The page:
This series offers an inside view of the making of a musical, from the lyricist-composer team of Tajlei Levis & John Mercurio, creators of the Samuel French musical GLIMPSES OF THE MOON. John and Tajlei met through the BMI Musical Theatre Workshop and have collaborated on several musicals set in old New York.
They aim to have a new musical finished by the end of the summer. This series will take you though the challenges they face, and the hurdles they jump as they meet their deadline!
Time to write the script! People often say, “It must be fun to write musicals!” It is. I love the musicals I have written. I enjoy the back and forth with my collaborator John as lyrics and melodies merge into songs. I love casting and starting rehearsal, watching a director and actors breathe life into the pages. I am thrilled that the Cast Album from the production of our musical Glimpses of the Moon is now available for sale.
Struggling to create the first draft libretto for an original story is not particularly fun. A dozen times a day I wish I was working on a literary adaptation, instead of an original story. If there was a novel, I could rely on pre-existing dialog and plot points, rather than second-guessing myself at every turn, while I make stuff up. If not for the audience showing up in 8 weeks, I might be tempted to scrap this project entirely.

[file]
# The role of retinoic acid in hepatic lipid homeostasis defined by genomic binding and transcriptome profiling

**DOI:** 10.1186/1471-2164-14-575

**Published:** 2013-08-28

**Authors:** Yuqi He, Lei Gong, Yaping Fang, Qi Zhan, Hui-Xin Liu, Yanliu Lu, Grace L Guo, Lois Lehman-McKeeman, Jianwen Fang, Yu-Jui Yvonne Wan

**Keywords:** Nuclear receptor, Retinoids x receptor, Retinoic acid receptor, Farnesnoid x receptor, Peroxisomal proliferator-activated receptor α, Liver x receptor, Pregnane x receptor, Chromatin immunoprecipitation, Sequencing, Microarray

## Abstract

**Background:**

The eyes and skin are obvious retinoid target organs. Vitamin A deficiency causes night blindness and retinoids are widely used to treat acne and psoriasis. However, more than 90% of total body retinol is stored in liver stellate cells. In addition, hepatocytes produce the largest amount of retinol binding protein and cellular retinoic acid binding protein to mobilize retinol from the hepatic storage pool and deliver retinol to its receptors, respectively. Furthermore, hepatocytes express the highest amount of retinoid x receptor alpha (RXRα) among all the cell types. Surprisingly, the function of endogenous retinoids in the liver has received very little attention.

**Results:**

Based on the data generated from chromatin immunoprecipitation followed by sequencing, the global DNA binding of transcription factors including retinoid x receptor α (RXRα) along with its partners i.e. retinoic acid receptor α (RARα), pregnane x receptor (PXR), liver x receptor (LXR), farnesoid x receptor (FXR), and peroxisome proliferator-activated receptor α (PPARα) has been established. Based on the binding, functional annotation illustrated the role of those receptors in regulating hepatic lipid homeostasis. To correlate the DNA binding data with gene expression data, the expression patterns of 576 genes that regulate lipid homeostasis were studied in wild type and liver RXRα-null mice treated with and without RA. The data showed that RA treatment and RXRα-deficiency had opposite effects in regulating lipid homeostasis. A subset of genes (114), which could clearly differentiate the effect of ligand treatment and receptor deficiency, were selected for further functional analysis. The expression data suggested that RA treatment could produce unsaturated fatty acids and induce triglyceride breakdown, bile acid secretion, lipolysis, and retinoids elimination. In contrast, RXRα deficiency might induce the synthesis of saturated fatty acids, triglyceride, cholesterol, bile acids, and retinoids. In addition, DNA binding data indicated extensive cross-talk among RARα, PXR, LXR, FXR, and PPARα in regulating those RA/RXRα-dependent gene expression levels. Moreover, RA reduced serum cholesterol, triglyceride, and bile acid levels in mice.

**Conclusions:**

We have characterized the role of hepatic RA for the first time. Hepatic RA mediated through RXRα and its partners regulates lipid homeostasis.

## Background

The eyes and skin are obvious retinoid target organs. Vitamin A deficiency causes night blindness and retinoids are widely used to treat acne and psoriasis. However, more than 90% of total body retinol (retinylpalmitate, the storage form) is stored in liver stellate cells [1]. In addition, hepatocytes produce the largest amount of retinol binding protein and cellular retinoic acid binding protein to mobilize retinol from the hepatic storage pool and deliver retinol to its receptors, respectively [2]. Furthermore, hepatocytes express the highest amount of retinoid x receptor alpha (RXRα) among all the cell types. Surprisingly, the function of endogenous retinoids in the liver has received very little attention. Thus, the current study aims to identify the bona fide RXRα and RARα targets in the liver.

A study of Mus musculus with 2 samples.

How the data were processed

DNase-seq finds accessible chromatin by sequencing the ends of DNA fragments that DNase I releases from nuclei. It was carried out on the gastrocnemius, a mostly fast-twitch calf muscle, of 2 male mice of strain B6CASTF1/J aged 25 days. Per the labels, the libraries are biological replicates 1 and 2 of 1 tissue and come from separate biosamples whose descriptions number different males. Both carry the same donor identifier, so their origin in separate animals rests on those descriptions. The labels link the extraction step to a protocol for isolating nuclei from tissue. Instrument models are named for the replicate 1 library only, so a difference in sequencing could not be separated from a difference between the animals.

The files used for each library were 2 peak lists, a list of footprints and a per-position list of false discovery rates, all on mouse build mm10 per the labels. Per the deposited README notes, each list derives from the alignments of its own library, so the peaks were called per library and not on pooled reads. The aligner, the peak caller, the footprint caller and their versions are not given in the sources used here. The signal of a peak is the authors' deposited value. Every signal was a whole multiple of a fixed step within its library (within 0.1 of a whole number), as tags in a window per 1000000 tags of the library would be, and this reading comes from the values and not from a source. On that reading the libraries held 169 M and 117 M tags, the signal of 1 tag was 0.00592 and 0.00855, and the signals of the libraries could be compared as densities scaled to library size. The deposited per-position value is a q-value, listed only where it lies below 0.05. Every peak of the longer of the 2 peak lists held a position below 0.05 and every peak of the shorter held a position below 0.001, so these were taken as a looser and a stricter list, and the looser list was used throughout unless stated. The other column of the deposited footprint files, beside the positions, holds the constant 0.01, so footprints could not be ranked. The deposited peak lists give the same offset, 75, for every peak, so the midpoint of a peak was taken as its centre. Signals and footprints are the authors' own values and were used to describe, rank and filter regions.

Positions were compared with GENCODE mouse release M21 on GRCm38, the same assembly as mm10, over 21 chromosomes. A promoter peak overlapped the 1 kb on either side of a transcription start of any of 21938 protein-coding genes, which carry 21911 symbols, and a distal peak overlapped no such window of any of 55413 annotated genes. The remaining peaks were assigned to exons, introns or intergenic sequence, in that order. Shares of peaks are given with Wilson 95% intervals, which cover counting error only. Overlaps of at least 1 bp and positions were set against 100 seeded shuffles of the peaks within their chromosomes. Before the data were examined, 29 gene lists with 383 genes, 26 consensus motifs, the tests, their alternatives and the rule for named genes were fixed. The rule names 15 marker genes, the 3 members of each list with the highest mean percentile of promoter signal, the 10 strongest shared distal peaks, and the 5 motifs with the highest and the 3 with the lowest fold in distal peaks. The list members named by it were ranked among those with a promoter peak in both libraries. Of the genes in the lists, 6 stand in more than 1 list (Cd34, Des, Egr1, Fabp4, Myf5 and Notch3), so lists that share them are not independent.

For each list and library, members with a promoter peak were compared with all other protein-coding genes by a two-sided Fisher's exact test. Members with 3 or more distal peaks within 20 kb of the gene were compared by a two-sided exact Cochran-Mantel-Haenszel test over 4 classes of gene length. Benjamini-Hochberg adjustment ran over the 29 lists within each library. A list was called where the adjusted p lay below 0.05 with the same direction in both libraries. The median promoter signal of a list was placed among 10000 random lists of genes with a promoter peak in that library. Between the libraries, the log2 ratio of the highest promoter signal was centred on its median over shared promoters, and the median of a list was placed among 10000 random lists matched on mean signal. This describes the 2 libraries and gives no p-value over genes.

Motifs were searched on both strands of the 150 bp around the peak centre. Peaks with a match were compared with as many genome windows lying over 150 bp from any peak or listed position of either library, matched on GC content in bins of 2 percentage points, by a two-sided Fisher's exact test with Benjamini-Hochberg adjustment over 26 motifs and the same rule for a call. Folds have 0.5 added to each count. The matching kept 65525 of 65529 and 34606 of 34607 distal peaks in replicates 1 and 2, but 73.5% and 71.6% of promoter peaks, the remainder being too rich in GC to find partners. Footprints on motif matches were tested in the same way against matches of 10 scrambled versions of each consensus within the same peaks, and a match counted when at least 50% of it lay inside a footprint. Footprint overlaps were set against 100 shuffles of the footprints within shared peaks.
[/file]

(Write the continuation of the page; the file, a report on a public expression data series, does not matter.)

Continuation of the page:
But the audience is coming. The producers want to see the script. And I have to keep going. That's why deadlines are good. They provide necessary urgency to complete the writing. I’m the sort who writes a term paper the night before it is due. Sure, I could noodle with a song for a month, but if I have to, I’ll finish it in an afternoon. It is now exactly two months 'til an audience will arrive to see this musical - which is not yet written.
Two months is plenty. If I complete just one new song and scene each week, the script will be finished on time. But a musical is not a term paper. I have to leave enough time for the rest of the team to do their parts. Working backwards, we need a week of rehearsal, another two weeks for preliminary work with director and cast, another week for John and me to put it all together. Which really leaves only one month to write the script. Hmmm.
The time has come to take the various treatments, outlines, character descriptions and individual songs and transform them into a script.
To do this, I am spending a few weeks at a self-imposed writer’s retreat on my family’s farm in Vermont. It is lovely to be in the country, free to focus on writing, though an array of new distractions are at hand. Weeding the garlic patch or harvesting lettuce suddenly seems more appealing than figuring out the opening scene.
I know that once I start, the characters will come alive and converse, and once I get through this first draft, there will be something to edit and improve, and then we’ll be off and running.
Finally, I just begin.
Lower East Side, NYC 1920. The Settlement House welcome for new immigrants.
Marco, a nice Italian boy fresh off the boat, kisses the ground and addresses the sky.
Grazie, Dio! (He throws a kiss across the ocean.) Grazie, Mama! (He takes out a notepad and begins a letter.) Carissima Mama. Ecco mi qua in America. Sto bene. Adesso in America, parlo – provo a parlare sempre Inglese. I am arrived. I am good. I write you Mama, every day. Now I go, I look, to find la bella fortuna.